Vermont Vows: The Toast!
Serious, humorous, or poignant, toasts are an integral part of almost every wedding celebration. Each and every toast is different, and on such a special occasion, many friends and family members will be eager to share their sentiments with the bride and groom. While some people are complete naturals at giving toasts, others need a little help, whether they raise their glasses at the engagement party or the reception. To keep the cheer in cheers, the spirits high, and the champagne flowing, here are some tips on which parties call for toasts, who might give them, and what to say—or what not to say.
Who Gives a Toast?
Just about everyone involved with the wedding party will have an opportunity, if not an obligation, to make a toast. Definitely on tap are: the bride, the groom, the father of the bride, the father of the groom, the best man, the maid or matron of honor, and anyone hosting a party for the couple.
The first toast is made by the father of the bride. Typically, it's made midway through the party—once all the guests have arrived and had a chance to mingle. If the groom's parents are present, a toast from his father is also a nice touch. After this, the floor is open to friends and other family to toast the couple, and the couple to toast their hosts, parents, and future in-laws.
Rehearsal Dinner Toasts
The first toast is made by the dinner's host—usually the groom's father—during the main course. The toast is often met by a "return toast" from the bride's father. Then it's open season—the mother's of the bride and groom, the best man and maid/matron of honor, other wedding attendants, family, and close friends.
Traditionally, the first toast at the wedding reception is made by the best man. This is the most formal of all wedding-related toasts, and it occurs after all the guests have been provided with champagne or a nonalcoholic alternative. At a sit-down dinner, the toast is made as soon as everyone is seated; at a cocktail reception, it's made after the couple arrives. It's fine if the best man's toast is the only one made. Often, the fathers of the couple will toast each other's families and the marriage of their children. The maid/matron of honor may offer a toast, and the bride and the groom may toast their families and each other.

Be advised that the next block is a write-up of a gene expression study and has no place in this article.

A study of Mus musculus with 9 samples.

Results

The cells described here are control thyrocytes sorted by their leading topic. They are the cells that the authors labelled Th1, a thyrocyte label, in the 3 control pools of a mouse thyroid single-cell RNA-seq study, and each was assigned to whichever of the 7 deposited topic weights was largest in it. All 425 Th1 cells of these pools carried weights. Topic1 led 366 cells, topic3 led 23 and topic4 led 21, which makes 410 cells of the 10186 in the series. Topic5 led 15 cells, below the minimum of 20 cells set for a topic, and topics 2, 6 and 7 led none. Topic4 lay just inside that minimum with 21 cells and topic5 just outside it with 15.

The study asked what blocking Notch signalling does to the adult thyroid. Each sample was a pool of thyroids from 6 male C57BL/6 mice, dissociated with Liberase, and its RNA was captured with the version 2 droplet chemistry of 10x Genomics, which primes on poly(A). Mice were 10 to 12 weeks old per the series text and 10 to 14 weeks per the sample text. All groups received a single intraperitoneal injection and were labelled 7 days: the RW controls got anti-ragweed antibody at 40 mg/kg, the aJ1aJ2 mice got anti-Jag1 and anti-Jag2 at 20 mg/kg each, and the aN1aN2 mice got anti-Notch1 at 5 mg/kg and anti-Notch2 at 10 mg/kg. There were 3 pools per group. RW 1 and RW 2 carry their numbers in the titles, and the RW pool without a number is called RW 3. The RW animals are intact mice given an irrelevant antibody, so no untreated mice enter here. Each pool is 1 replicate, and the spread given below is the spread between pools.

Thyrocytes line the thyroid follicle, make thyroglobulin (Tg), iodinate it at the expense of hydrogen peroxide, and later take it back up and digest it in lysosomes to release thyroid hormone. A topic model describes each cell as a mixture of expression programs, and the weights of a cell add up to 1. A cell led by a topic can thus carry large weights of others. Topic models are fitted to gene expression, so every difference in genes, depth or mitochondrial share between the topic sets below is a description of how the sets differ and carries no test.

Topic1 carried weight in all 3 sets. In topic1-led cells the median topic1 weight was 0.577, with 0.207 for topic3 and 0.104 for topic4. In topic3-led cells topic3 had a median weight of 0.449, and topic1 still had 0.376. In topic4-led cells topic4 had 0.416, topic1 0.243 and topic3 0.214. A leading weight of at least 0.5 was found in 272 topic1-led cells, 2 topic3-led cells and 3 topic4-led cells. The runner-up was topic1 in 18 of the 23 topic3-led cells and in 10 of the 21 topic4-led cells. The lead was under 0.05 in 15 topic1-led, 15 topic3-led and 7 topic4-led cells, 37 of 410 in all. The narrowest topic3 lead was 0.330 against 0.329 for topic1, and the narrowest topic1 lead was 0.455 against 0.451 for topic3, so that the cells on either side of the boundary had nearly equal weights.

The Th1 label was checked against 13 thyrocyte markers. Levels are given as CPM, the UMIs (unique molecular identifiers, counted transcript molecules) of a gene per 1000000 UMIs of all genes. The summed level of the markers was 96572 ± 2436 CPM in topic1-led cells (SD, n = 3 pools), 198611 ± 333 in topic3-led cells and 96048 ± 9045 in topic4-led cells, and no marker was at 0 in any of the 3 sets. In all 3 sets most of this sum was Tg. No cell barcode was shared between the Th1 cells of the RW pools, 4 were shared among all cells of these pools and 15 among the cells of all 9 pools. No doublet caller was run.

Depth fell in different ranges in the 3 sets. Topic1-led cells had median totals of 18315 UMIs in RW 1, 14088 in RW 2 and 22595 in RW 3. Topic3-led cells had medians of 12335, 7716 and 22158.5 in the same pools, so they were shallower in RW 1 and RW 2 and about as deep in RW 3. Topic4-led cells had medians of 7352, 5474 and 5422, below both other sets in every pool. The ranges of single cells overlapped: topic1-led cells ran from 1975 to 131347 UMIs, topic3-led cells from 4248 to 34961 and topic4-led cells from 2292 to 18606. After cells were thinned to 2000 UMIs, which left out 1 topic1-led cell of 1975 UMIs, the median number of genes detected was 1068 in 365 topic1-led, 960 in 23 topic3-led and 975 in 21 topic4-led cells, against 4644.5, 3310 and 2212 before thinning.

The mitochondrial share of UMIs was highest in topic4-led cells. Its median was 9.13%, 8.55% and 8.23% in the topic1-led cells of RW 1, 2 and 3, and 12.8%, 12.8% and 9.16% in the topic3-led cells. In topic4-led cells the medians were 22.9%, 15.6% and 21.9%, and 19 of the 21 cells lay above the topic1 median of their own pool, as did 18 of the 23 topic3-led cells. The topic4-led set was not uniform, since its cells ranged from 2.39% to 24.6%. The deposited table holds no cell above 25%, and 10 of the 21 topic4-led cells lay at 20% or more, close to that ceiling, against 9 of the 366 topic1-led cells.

Please Raise Your Glasses
It's hard to wing a good toast; it's better if you prepare your remarks ahead of time. You'll never go wrong if you keep it short and sweet. The best toasts last a minute or two—three at most—and can even be just a few lines:
I'd like to take a moment to congratulate Mike and Kathryn on their engagement. Let's raise our glasses to a long life filled with happiness and love for both of them. To Kathryn and Mike!
Known for your sense of humor? Jokes and funny stories about the bride and groom are fine; just keep the toast light and clean. Avoid personal stories, especially if they might be embarrassing to the couple:
I've known Mike since the third grade. When we were kids, he was famous for telling everyone, "You are not the boss of me!" Mike, I hate to break it to you, but Kathryn really is the boss of you now! Cheers to you both.
Then there's the tearjerker. If you want to express strong emotions, this is a great time, but if it doesn't feel natural, don't force it. Consider comfort levels, and save anything that should be said more privately for later:
Kathryn, you're my only sister! You mean the world to me, and I am so happy that you have found Mike. I love you very much, and I wish you all the happiness you deserve.
Practice, Practice, Practice!
Say it out loud, and get used to the sound of your own voice. It's fine to use a written copy or cue cards, but you'll sound more natural if you speak your toast instead of reading it.
This article originally appeared in Vermont Vows Winter 2010.